Commission faults reservoir plan

Some members say it provides less protection
By Greg Pearson
STAFF WRITER

County commissioners are questioning the value of the Upper Swift Creek Plan recently approved by the board of supervisors. Some say the new plan offers fewer safeguards than the previous 1997 version. County commissioners are questioning the value of the Upper Swift Creek Plan recently approved by the board of supervisors. Some say the new plan offers fewer safeguards than the previous 1997 version. The Chesterfield Planning Commission says the new Upper Swift Creek Plan approved by the board of supervisors earlier this month inadequately protects the Swift Creek Reservoir as a source of drinking water for the county. Some commissioners believe the plan provides fewer safeguards than the previous plan.

"It was four years wasted," said Matoaca Planning Commissioner Wayne Bass. "We spent a lot of money on water quality, and that was thrown out the window. The plan is not a whole lot different than it was originally, [but] the whole watershed is now open for business."

"The board stripped out all the controls - the deferred growth area and the level of service [for roads and schools]," added Clover Hill Planning Commissioner Russ Gulley. "The plan is basically meaningless without amendments to back it."

Bass and Gulley's districts comprise the 57-square-mile area covered by the plan that starts at the intersection of routes 288/360 and goes west to Grange Hall Elementary School and northwest to the Powhatan County line. The most western part of the watershed was essentially a deferred growth area - meaning development was discouraged in that area - but the board vote eliminated that generally accepted restriction. The proposed deferred growth area was 4,900 acres.

The approved plan calls for keeping the current phosphorous standards for residential (.22 pounds per acre annually) and commercial (.45 pounds); not imposing a deferred growth area; increasing road buffers from 50 feet to 100 feet; and using a western route for a possible extension of the Powhite Parkway. It also allows for the county's director of environmental engineering to impose remedial action if the phosphorous level exceeds .04 milligrams per liter for two successive years. The previous ordinance called for .05, but the county is anticipating the state-mandated level to be reduced to .04.

The commission expects a rush of zoning cases in the plan area to get zoning approved and building underway in case phosphorous levels rise and environmental engineering imposes more stringent standards. Development under construction or completed would be grandfathered under the current standards.

"The impetus will be to build as fast as you can," said Bermuda Planning Commissioner Jack Wilson.

Planning Commission Chairman Dan Gecker said he expects some areas of the watershed to have more rigorous phosphorous standards imposed if the phosphorous level rises. "Later parcels of land could be undevelopable," suggested Gecker.

Undeveloped land typically produces .16 pounds per acre of phosphorous annually, known as "no net increase." Runoff from residential development increases that average amount, and commercial development - largely because of more rooftop area and paved parking lots - increases it considerably more.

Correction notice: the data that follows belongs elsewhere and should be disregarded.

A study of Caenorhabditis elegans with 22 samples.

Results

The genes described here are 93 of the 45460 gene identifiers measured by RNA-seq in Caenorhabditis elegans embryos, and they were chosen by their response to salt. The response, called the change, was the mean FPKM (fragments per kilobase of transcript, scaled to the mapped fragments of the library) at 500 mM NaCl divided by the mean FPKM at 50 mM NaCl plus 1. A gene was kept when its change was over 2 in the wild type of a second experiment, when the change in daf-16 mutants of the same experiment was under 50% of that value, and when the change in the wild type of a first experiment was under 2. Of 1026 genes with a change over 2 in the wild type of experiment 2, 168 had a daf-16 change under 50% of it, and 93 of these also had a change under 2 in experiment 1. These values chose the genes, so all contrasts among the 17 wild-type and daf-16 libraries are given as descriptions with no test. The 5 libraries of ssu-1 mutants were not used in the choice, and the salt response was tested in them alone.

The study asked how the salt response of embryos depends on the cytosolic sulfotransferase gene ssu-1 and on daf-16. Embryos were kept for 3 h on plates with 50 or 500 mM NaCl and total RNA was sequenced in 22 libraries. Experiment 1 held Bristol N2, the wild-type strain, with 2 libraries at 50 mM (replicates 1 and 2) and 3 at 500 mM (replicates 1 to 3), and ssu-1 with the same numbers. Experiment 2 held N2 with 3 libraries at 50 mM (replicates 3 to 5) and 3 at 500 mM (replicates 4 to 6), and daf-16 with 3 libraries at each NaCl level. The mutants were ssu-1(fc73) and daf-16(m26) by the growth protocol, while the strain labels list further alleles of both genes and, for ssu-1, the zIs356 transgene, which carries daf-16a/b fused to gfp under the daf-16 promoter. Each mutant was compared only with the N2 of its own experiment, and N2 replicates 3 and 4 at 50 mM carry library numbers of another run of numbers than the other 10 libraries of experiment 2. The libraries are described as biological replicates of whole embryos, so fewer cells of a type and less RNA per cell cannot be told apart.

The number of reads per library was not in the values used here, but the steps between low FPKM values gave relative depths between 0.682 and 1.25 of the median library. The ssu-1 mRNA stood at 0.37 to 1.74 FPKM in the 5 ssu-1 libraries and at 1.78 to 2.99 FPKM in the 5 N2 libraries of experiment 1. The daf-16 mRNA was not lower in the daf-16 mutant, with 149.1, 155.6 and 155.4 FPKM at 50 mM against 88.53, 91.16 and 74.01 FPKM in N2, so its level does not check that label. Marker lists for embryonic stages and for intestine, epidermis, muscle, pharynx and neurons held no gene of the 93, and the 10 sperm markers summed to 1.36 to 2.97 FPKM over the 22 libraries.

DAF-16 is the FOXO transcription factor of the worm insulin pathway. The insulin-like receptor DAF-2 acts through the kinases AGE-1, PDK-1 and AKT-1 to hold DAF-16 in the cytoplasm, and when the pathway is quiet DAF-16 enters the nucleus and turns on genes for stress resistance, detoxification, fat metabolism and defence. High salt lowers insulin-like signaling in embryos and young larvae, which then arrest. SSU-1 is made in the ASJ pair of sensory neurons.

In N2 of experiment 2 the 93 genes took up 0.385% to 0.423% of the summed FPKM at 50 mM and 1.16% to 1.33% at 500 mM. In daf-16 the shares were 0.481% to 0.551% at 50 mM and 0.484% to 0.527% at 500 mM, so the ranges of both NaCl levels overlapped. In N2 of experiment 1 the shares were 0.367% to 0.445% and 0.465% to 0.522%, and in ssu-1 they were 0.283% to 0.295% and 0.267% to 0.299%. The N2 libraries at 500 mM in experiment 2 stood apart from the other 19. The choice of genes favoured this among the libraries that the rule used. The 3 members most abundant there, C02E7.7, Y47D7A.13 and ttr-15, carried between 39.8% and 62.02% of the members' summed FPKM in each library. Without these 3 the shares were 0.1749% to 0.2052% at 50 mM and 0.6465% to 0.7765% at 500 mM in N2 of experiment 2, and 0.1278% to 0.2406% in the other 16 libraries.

"We haven't addressed being over the 25,000 pounds," said Bass. A consultant for the county estimates that when all development currently approved in the watershed is complete, the reservoir will be 4,000 pounds over the recommended amount of 25,000 pounds of phosphorous annually. More development will increase that amount.

The commission also wanted to have flexibility built into the plan, allowing the county to apply the phosphorous brakes gently if the amount climbs rather than imposing a stringent standard after exceeding .04 milligrams for two consecutive years

"The county went from a proactive to reactive protection," complained Tom Pakurar of Hands Across the Lake, a local group focused on water quality in the reservoir. "The measure was introduced after the public comment period, so no one had the opportunity to comment on the proposal."

The county board's 4-1 vote on Oct. 10 had only Clover Hill Supervisor Art Warren opposing the plan. Local businesses - predominately builders and developers - and some property owners in the proposed deferred growth area prevailed over county staff, environmentalists and two large community associations.

The most recent county data shows that the amount of phosphorous in the reservoir has declined over the last four years, and proponents of the board's plan cited that as proof that the existing phosphorous standards are working.

Bass hopes a new board will review the plan in January. There are open seats in the Bermuda and Matoaca supervisor races, and candidates in several races are running on "smart growth" platforms.

Bass also supports one countywide comprehensive plan, saying the county is considering hiring an outside consultant next year for such a change.

During the past four and a half years, Dick McElfesh, director of environmental engineering, estimates the county has spent $850,000 on outside consultants to study the upper Swift Creek watershed.